Politico Pro: Alexander hails Tennessee move on Common Core

Posted on October 22, 2014

Sen. Lamar Alexander today hailed Tennessee Gov. Bill Haslam’s decision to put the Common Core standards to a public review, saying the process “will ensure that Tennessee families’ best interests come first, instead of the wishes of distant Washington bureaucrats.”Sen. Lamar Alexander today hailed Tennessee Gov. Bill Haslam’s decision to put the Common Core standards to a public review, saying the process “will ensure that Tennessee families’ best interests come first, instead of the wishes of distant Washington bureaucrats.”

The review puts any decision on revising the Common Core off for more than a year — even though a group of conservative legislators has been pushing hard to repeal the standards in the coming legislative session.

The Tennessean called the move “a continuation of Haslam’s tone change on Common Core.” Though he has always publicly supported the standards, he is now opening every individual language arts and math standard up for public review — yet putting off any decisions for more than a year, by which point the public furor and conservative pressure to repeal the Common Core might have abated.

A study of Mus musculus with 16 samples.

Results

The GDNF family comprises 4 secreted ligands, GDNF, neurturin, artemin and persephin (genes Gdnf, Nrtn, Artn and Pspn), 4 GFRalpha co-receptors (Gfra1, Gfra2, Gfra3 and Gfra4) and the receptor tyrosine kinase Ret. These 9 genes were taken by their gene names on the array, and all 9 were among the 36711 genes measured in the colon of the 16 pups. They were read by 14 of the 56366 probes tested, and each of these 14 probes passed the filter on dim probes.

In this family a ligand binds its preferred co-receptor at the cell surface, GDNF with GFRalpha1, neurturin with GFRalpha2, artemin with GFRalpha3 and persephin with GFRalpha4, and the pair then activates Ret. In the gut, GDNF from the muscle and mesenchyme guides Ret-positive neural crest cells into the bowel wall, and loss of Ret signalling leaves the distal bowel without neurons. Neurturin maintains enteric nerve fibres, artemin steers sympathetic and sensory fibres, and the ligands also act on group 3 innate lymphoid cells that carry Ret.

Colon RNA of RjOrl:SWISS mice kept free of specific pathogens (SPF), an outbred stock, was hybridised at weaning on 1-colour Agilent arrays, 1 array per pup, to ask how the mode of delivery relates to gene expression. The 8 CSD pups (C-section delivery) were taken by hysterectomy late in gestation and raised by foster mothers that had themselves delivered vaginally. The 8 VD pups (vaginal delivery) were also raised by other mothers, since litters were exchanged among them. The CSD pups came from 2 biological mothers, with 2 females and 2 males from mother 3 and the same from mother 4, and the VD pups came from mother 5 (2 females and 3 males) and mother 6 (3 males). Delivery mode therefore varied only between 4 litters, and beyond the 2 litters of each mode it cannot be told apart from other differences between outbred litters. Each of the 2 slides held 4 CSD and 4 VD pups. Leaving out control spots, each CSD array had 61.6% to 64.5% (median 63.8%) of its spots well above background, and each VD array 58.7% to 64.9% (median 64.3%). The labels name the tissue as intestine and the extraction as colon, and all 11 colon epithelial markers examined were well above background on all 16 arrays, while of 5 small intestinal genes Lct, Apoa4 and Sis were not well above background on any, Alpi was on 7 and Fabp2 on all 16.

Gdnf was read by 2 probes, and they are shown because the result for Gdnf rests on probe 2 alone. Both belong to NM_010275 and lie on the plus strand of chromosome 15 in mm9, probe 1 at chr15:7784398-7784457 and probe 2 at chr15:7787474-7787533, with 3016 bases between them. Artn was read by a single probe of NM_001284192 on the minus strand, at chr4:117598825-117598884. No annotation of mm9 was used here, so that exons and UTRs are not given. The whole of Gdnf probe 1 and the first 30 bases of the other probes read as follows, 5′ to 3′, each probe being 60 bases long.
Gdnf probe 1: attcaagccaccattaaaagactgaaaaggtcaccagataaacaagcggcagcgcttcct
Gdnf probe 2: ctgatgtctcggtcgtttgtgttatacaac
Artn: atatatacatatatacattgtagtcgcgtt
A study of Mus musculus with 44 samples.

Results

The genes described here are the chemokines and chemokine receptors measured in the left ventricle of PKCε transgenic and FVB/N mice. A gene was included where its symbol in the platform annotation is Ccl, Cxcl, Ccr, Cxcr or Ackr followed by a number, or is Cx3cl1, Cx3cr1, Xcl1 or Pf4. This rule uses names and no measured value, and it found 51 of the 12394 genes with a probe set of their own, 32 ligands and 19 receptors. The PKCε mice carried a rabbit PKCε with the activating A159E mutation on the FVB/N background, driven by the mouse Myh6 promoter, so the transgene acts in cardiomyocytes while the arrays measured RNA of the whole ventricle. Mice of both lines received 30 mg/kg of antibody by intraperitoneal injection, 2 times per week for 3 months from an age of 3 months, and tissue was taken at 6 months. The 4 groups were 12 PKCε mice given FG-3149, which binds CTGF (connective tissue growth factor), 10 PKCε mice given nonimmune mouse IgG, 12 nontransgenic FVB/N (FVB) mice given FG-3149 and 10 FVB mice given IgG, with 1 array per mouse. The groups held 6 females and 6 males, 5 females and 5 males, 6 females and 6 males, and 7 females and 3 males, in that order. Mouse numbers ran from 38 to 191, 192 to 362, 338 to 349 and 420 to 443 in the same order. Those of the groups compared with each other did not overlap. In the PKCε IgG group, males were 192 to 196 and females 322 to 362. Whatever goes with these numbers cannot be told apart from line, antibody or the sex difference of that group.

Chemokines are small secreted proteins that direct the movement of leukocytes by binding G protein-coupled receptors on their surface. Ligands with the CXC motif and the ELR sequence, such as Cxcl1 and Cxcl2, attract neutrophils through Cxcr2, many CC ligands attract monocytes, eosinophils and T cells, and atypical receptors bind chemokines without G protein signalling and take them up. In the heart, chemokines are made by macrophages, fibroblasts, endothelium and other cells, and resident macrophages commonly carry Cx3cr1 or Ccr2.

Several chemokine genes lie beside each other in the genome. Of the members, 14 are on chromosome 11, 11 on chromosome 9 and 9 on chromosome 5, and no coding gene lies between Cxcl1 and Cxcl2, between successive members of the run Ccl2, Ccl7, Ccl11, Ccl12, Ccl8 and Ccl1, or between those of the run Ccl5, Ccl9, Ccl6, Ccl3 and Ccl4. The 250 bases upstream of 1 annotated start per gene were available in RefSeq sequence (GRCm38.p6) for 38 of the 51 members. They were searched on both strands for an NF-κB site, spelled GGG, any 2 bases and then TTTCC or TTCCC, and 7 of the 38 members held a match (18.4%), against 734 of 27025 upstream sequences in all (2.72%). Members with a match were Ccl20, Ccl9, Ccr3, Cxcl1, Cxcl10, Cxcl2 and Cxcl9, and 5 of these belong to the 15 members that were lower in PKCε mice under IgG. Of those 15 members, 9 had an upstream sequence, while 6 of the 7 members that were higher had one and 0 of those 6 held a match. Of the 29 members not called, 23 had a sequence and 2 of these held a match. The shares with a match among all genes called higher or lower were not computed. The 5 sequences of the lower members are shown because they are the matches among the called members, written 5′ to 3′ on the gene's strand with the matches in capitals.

For his part, Alexander used the occasion to tout his bill to reinforce local control over standards and curriculum and end what he sees as federal overreach. All Republicans on the Senate education committee supported the bill, but Democrats defeated it.
“Governor Haslam, local school officials, and teachers know best what Tennessee’s nearly 1 million public school students need to know and be able to do,” Alexander said.

The review puts any decision on revising the Common Core off for more than a year — even though a group of conservative legislators has been pushing hard to repeal the standards in the coming legislative session.

The Tennessean called the move “a continuation of Haslam’s tone change on Common Core.” Though he has always publicly supported the standards, he is now opening every individual language arts and math standard up for public review — yet putting off any decisions for more than a year, by which point the public furor and conservative pressure to repeal the Common Core might have abated.

For his part, Alexander used the occasion to tout his bill to reinforce local control over standards and curriculum and end what he sees as federal overreach. All Republicans on the Senate education committee supported the bill, but Democrats defeated it.

“Governor Haslam, local school officials, and teachers know best what Tennessee’s nearly 1 million public school students need to know and be able to do,” Alexander said.